In 1958, the intelligently challenged, or the retarded as they were commonly known, were shunned away from society. But in Joyce Magnin’s new tale, she explores one girl’s dedication to caring for the mother of her deceased friend whose aunt wants her locked away.
“Carrying Mason” is a journey of a young girl named Luna who at 13 years old knows how to gut a fish, but after her friend Mason dies, she takes it upon herself to move in with his mentally disabled mother Ruby Day.
Not only does she have to over come the difficulties of caring for a mentally challenged person, but also Luna must overcome Ruby Day’s aunt who wants to put her niece away in a mental institution.
But the story comes from the heart for Magnin, as the Havertown author explains how some of the mentally challenged are still treated with discrimination.
“I have several friends who have intelligently challenged children and I see the prejudice they face,” the 50-year-old author tells the Haverford-Havertown Patch.
Magnin explains that Luna is a free spirit who wants to be accepted for who she is.
“Luna is self aware and does not let anyone get in her way,” she says. “She is a free spirit who wants to stands up for what is right.”
Which may explain the time period the story takes place. In the 1950’s, many who were mentally disabled were shunned away from society and others were put in institutions, Magnin says.
But Magnin admits that there is a little Luna inside of her.
“It’s not possible not to write a book without a bit of it being an autobiography,” she exclaims. “Social justice issues are important to me.”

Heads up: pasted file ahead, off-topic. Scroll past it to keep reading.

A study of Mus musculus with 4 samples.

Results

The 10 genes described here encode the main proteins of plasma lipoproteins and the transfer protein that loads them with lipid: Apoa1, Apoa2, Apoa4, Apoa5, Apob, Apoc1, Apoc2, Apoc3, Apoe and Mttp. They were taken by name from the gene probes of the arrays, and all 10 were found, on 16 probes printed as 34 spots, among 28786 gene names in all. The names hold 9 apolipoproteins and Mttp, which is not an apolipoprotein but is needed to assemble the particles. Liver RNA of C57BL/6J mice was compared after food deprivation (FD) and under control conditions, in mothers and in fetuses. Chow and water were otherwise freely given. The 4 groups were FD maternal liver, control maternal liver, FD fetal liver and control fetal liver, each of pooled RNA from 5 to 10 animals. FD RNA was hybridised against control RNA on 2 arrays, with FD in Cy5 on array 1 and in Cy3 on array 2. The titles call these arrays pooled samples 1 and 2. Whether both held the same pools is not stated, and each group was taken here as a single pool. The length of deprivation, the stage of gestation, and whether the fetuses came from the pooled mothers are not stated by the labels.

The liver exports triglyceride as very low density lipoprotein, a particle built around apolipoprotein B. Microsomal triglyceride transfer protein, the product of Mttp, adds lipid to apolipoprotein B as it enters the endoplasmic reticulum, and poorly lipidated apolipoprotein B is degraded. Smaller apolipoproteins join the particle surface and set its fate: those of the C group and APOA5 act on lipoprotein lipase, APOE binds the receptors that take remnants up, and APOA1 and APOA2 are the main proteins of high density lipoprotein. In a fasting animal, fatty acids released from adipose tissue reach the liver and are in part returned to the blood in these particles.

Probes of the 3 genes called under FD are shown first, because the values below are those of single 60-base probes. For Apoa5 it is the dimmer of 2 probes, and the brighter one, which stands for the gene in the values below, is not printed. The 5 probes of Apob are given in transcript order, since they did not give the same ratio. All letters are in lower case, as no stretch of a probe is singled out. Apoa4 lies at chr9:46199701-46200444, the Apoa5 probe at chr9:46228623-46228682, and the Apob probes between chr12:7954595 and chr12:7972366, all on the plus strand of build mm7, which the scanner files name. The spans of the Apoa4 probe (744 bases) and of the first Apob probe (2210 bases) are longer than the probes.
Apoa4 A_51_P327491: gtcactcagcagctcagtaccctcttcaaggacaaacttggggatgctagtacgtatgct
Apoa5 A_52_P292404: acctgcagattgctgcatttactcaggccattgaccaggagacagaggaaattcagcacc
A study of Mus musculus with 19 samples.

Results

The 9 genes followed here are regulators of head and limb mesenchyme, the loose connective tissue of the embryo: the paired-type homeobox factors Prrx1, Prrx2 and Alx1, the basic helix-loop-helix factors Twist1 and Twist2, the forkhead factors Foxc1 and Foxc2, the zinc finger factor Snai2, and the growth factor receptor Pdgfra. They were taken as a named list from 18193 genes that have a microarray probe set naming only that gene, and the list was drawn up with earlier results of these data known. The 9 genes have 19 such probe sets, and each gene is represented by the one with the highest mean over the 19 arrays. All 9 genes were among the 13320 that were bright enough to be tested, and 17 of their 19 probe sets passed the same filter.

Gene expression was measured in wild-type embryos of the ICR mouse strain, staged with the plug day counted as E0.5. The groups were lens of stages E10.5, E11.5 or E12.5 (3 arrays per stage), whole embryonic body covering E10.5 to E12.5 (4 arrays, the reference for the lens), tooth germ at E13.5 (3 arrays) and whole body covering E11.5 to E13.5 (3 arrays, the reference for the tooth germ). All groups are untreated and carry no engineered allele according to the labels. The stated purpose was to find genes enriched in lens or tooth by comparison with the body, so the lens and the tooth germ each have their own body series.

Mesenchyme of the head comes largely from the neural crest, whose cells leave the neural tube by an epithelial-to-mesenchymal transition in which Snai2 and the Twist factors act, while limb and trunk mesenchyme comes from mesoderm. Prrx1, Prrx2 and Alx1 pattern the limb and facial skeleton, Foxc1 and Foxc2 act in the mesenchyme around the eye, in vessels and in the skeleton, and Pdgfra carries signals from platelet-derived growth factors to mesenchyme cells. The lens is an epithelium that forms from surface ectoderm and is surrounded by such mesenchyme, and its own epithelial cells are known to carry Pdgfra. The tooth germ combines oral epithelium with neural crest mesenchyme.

In fact, it was pointed out to Magnin that the cover art of the book that shows Luna resembles her.
But Magnin is no stranger to books, as she has written the successful Bright’s Pond series among others. While “Carrying Mason” is written for middle school-aged readers, Bright’s Pond is written for adults.
The last novel of Bright’s Pond came out recently, entitled “Blame It On The Mistletoe.”
Magnin’s next project is called “Harriett Beamer Takes The Bus,” where a 78-year-old woman’s family wants her to move in with them. However, Harriett makes them agree to allow her to go to them on her own, from Pennsylvania to California, while taking public transportation, where she finds herself in one adventure after another.
But when Magnin is not writing, she says she enjoys knitting, reading—which she admits is not as relaxing for her since she is a writer—and even playing video games.
“I’m the only 50 year old with an Xbox,” she proudly mentions, admitting that she likes role-playing games.
But despite her interesting way of relaxing, she is still a writer and the little Luna that is still inside her offers advice to young writers, which at age 9 she realized that is what she wanted to be.
“You can’t be a writer without being a reader,” Magnin says wisely.